Following last month's ruling of the U.S. Supreme Court that allowed same-sex marriages in the country, 20th Century Fox secured the rights to make a movie on the case that led to the legalization. Fox reportedly bought the life rights of Jim Obergefell, the lead plaintiff in the lawsuit, and his lawyer Al Gerhardstein, for the upcoming movie, the New York Times reported on Tuesday.

Fox also reportedly secured screen rights to an unwritten book called “21 Years to Midnight,” co-authored by Obergefell and journalist Debbie Cenziper. The book has been submitted to the publishers and a deal is expected as soon as this week, the Times reported.

The project will be handled by Fox 2000, the division that produced the “Twilight” series and “The Fault In Our Stars,” which made over $307 million worldwide last year. It is also known for producing movies based on books like “Life of Pi” and “The Devil Wears Prada.”

The film, which will be produced by Wyck Godfrey and Marty Bowen, is expected to be completed in two years. Fox 2000 is reportedly looking for a screenwriter to collaborate with the two producers.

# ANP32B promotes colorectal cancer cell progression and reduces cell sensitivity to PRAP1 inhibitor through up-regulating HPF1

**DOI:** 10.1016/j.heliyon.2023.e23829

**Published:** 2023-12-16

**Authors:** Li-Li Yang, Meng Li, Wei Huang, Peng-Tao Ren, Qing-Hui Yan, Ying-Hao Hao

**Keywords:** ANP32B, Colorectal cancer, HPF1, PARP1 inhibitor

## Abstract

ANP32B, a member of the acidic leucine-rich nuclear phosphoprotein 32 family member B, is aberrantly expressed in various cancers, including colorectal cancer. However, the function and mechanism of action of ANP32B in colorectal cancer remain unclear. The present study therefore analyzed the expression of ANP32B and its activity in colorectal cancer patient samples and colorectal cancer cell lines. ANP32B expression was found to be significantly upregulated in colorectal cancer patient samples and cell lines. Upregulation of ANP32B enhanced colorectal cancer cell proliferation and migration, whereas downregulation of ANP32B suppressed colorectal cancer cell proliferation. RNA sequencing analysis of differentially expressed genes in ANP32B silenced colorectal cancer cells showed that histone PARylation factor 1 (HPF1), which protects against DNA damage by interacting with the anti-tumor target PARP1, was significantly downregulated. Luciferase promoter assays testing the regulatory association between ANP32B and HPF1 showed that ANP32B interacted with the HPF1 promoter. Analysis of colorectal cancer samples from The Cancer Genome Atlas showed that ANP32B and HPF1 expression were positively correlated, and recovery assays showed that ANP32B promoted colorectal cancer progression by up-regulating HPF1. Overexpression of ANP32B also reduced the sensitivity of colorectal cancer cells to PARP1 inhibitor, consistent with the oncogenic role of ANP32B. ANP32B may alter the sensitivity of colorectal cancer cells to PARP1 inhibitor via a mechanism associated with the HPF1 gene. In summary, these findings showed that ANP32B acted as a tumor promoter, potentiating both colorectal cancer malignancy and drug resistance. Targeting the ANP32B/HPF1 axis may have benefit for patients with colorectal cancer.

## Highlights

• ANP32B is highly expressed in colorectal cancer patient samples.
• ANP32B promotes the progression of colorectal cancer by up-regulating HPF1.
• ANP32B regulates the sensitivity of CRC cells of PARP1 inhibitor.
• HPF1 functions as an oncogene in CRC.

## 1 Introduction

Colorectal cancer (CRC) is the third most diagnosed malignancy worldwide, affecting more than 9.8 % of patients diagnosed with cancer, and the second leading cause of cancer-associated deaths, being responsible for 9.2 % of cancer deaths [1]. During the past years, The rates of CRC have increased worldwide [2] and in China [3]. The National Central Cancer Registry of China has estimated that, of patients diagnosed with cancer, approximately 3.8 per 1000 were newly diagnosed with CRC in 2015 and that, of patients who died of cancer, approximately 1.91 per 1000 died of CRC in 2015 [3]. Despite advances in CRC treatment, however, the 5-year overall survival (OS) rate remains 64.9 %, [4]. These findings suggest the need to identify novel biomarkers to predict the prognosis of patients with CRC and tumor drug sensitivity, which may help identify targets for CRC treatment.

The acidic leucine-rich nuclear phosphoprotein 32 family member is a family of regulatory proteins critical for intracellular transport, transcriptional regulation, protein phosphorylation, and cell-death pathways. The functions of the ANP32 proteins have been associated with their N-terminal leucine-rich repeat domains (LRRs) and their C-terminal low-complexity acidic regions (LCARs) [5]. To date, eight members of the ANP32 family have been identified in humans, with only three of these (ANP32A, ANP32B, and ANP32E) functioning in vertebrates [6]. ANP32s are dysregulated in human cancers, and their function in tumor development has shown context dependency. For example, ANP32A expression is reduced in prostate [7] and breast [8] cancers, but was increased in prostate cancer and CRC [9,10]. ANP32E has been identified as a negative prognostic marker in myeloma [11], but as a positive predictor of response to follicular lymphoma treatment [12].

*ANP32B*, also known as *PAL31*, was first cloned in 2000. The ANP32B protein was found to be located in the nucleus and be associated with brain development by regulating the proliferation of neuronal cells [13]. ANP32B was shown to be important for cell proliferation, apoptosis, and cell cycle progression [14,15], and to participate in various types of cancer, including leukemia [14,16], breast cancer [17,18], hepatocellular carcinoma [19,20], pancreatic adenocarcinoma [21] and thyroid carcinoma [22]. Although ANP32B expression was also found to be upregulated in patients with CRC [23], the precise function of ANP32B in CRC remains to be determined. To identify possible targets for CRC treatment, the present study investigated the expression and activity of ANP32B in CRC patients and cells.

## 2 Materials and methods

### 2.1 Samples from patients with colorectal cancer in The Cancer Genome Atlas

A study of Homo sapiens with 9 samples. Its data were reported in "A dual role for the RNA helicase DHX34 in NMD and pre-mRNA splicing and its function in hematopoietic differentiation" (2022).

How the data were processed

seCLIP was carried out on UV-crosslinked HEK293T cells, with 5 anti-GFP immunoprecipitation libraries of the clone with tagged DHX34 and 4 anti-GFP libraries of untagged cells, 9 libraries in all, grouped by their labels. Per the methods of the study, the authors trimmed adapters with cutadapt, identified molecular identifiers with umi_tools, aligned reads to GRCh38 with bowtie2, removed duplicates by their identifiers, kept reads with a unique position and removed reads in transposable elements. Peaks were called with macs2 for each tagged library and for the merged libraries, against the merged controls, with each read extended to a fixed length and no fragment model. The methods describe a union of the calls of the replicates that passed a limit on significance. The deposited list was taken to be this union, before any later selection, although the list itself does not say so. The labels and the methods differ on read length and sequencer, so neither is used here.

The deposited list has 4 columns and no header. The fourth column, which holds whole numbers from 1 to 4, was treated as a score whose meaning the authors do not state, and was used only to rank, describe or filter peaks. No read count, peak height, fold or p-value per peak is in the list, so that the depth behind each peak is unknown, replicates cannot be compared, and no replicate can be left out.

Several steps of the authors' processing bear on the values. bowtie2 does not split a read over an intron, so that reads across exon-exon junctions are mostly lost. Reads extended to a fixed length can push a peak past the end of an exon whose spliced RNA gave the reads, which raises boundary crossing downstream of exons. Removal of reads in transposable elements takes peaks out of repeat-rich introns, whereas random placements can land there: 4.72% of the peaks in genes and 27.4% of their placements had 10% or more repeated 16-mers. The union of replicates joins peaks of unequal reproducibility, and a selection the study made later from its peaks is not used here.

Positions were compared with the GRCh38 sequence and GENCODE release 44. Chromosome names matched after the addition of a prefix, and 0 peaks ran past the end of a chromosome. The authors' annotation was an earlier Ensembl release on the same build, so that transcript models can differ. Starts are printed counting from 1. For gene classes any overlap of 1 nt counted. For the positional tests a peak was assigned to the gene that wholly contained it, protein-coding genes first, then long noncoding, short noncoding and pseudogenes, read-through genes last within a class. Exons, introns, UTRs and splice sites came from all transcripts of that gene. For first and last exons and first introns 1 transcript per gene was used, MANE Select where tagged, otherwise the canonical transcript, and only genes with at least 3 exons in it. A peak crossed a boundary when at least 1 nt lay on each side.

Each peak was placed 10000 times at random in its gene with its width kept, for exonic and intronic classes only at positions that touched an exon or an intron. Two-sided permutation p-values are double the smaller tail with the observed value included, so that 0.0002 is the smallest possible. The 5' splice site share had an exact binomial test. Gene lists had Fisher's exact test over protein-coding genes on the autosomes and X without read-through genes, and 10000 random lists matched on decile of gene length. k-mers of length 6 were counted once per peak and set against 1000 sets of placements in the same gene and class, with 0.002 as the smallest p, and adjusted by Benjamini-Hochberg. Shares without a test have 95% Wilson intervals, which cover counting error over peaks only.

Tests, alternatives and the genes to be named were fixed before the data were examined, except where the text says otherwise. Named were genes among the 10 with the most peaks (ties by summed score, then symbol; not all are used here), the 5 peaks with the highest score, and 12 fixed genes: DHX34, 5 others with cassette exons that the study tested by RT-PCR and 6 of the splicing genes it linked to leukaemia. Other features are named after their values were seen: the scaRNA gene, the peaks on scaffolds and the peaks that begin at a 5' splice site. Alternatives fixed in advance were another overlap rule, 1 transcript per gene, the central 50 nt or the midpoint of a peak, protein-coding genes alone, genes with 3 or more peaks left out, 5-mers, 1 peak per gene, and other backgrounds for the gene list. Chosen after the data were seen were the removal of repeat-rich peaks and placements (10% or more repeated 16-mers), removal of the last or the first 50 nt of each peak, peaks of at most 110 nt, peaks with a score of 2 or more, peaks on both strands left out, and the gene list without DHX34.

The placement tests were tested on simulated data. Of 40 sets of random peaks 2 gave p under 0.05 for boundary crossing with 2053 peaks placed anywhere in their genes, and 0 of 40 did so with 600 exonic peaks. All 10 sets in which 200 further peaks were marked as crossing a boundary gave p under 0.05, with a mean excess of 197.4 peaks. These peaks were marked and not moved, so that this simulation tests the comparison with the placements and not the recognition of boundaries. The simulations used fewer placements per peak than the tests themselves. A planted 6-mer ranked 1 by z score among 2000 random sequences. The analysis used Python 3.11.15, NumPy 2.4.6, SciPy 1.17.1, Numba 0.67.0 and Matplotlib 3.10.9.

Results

“It’s a transcendent love story about someone who goes to such a length for love that he ends up changing the world,” Godfrey said, according to the Times.

Obergefell from Ohio married his terminally ill husband John Arthur in Maryland in 2013. Arthur died three months later and an Ohio judge allowed Obergefell to be listed as the spouse on the death certificate. However, the state appealed in November, and had it won the lawsuit, a new death certificate would have been issued for Arthur, stating him as “single.” Obergefell sued the state, and his name went on the case because he was the first to file. It also includes Tanco v. Haslam, DeBoer v. Snyder and Bourke v. Beshear.

“This is just an amazing story, and I feel privileged to have him trust me to help tell it in a narrative nonfiction book,” Cenziper, a recipient of Pulitzer Prize in 2006, said, according to the Times, adding that she had known Obergefell for two decades. Arthur was reportedly a cousin of Cenziper's first husband.

"The Constitution promises liberty to all within its reach, a liberty that includes certain specific rights that allow persons, within a lawful realm, to define and express their identity," Justice Anthony Kennedy said in an opinion after ruling on the case, adding: "The petitioners in these cases seek to find that liberty by marrying someone of the same sex and having their marriages deemed lawful on the same terms and conditions as marriages between persons of the opposite sex."